Teaching Yoga | Yoga

One of my dearest yogi friends once told me: “A good yoga teacher should disappear.” It took me years to understand what she meant.

Finding My Teacher

I started my yoga practice to heal from being hit by a car. I didn’t love it. I didn’t even really like it. I tolerated the one day a week when I headed to that dry, sterile space on the recommendation of my doctor.

My teacher was fine. Competent and experienced. Dry and precise — not surprising given the style of yoga she taught. So I went to class and stretched my limits and, more or less, endured it.

Then I found a new brand of yoga. My new teacher overflowed with personality, dynamism and compelling energy. She inspired a near cult-like following in her students, and her studio felt like a special secret that only the anointed few had been let in on.

She encouraged me to go deep and I didn’t want to disappoint. I sweated through 2 hours of flowing practice every morning, coaxing my body into positions it had never before taken, and swelling with pleasure under the warmth of her approval and that feeling of “Aaaaaaahhh” at the end of a vigorous practice.

Finding Myself

Unfortunately, I was also hurting myself, without knowing it. Those early years of my practice lacked something. And that missing something was me.

I still, sometimes, love the feeling of a poetic, well-choreographed yoga sequence, fluidly performed to the rhythm of an infectious beat. It just feels so good.

But sometimes the personality and magnetism of a teacher or a class serve as just another ego-gratifying form of entertainment to help us avoid what is actually happening. Sometimes a teacher, swollen with the thought of having something important to say, fills up the space between every breath with too many words and too much of their “wisdom.”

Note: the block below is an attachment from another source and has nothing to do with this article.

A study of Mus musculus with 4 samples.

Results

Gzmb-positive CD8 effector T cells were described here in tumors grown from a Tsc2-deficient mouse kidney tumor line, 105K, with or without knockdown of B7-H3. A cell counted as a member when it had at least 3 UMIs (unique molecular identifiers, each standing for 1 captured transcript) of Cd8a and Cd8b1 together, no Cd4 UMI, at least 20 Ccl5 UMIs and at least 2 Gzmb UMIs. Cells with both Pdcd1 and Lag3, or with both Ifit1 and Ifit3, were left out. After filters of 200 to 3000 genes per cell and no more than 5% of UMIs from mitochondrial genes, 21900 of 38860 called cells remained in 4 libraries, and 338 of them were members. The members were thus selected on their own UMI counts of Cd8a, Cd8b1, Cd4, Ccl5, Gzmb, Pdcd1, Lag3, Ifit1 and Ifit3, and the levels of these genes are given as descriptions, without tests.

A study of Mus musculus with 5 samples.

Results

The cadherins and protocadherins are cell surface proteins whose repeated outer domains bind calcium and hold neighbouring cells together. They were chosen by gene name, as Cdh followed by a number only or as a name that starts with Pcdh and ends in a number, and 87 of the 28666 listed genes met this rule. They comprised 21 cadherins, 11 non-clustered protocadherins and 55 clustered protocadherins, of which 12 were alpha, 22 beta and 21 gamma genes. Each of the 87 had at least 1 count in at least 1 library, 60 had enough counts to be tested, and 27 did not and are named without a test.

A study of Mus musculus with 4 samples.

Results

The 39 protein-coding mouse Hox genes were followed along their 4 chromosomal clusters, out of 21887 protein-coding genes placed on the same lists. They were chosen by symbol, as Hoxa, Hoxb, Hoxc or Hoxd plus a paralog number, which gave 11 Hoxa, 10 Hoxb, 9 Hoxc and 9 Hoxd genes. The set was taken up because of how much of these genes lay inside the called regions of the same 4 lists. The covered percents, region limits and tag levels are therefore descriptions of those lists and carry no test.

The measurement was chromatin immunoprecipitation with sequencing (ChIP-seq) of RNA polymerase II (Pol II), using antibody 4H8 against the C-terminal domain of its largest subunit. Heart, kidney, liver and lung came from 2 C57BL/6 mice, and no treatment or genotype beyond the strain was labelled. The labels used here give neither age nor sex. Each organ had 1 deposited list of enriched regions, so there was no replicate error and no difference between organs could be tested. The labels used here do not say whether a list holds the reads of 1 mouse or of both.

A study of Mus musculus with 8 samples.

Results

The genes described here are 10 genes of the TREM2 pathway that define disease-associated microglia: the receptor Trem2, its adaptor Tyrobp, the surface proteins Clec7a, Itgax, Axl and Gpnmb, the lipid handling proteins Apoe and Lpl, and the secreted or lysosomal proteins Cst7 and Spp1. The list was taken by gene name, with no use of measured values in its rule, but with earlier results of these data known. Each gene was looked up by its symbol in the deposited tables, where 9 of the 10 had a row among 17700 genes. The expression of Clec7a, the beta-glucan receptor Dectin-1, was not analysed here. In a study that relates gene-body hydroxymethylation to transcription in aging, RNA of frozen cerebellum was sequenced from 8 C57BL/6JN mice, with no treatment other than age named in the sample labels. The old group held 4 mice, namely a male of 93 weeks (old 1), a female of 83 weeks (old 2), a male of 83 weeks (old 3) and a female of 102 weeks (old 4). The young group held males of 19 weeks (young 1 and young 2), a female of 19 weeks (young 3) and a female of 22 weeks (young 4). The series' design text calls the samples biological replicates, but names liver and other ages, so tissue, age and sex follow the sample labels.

When this happens our yoga practice can become another way to not be with ourselves and what is actually happening. Right here, right now.

Why a Good Yoga Teacher Disappears

In the aftermath of a surgery and the months of healing that followed, I saw the wisdom of my first yoga teacher and her simple, practical teaching. I realized I had to find a new way to approach my yoga practice — if I wanted to continue it at all.

I consider myself lucky that my injury forced me to start slowly and quietly. Not because that is somehow inherently a better way to practice, but because it gave me the space and the softness to listen to what my sensations had to tell me, before I started moving too quickly to notice. To connect with the subtle experience of the channels of my body and the impulse of nature that runs through it.

A good yoga teacher disappears because their role is to act as a signpost and then get out of the way. To whisper to you, “look here,” as you seek out the feeling of alignment. Yoga is in the moments when you check your experience against your inner knowing seeking to find harmony and resonance from within.

What are some of your favorite ways to connect with your sense of knowing? Share with us in the comments below!